By Sola Ogundipe
AFRICA’S COVID-19 vaccination programme got a boost as pharmaceutical company Johnson & Johnson, J&J, announced it will supply up to 400 million doses of its single-shot COVID-19 vaccine to the African Union.
The supplies will help Africa reach its target of vaccinating at least 60 percent of the population, to contain the spread of the coronavirus.
The African Vaccine Acquisition Trust Team, AVATT, has already signed an agreement with Johnson & Johnson for the delivery of the vaccine doses.
The agreement entails that 55 member states of the AU will take delivery, from the beginning of the third quarter of 2021, up to 200 million doses of the vaccine.
Additional 180 million doses will be made available in 2022, making it a combined total of up to 400 million doses of the vaccine.
Speaking on the development, Cyril Ramaphosa, South African president, who is the chairman of AVATT, said the agreement is historic and a significant milestone in the protection of the health of Africans.
“This agreement is a significant milestone in protecting the health of all Africans. It is also a powerful demonstration of African unity and of what we can achieve through a partnership between the state sector, the private sector, and international institutions that put people first,” Ramaphosa said.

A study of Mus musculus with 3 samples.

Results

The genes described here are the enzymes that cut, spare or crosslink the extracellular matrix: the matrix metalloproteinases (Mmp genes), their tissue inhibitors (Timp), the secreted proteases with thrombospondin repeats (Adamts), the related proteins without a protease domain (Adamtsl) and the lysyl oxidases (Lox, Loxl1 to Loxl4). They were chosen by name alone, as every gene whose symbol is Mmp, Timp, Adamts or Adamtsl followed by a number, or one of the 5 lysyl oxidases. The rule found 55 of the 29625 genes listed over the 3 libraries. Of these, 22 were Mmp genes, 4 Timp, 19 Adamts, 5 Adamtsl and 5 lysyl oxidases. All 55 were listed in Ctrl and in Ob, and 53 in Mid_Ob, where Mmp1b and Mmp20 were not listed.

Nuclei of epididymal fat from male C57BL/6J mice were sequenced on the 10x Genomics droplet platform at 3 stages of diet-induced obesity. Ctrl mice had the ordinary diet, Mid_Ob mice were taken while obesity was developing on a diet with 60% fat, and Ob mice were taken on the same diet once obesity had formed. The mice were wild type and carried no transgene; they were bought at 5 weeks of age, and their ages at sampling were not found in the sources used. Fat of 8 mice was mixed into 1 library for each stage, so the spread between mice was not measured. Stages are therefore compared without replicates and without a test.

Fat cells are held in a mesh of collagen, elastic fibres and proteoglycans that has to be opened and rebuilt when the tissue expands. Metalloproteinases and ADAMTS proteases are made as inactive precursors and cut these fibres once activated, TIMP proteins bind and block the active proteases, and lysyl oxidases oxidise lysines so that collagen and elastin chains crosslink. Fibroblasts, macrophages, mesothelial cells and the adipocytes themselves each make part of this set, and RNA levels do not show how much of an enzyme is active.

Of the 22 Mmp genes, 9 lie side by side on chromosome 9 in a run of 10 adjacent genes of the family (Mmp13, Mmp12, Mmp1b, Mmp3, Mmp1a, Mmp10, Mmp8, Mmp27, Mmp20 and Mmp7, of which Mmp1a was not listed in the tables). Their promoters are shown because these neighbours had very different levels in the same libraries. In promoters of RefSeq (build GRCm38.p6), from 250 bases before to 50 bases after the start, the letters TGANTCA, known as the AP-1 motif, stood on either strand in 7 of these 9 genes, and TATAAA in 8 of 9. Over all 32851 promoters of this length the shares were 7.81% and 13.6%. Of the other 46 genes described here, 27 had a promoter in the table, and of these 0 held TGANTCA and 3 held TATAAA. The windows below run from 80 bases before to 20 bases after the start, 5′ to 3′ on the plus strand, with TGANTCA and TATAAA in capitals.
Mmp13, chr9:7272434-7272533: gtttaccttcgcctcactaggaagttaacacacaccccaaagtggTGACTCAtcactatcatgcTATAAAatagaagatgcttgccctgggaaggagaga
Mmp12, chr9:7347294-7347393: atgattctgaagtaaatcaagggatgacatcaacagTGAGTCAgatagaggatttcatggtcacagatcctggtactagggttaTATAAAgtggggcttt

Alex Gorsky, chairman/CEO, Johnson & Johnson, said: “Our support for the COVAX Facility, combined with supplementary agreements with countries and regions, will help accelerate global progress toward ending the COVID-19 pandemic.”
The Director of the London School of Hygiene & Tropical Medicine, Professor Peter Piot, said: “I’m thrilled at this agreement between J&J and the African Union which is a game-changing moment in Africa’s response to the COVID-19 pandemic.
“Combined with the 500 million doses supplied through COVAX for low and middle-income countries, this deal should ensure all African adults will receive a COVID19 vaccine.
“I hope this agreement is a catalyst for further action that ensures fair and equitable access to successful COVID-19 vaccines, one of the most urgent issues we face in this pandemic.”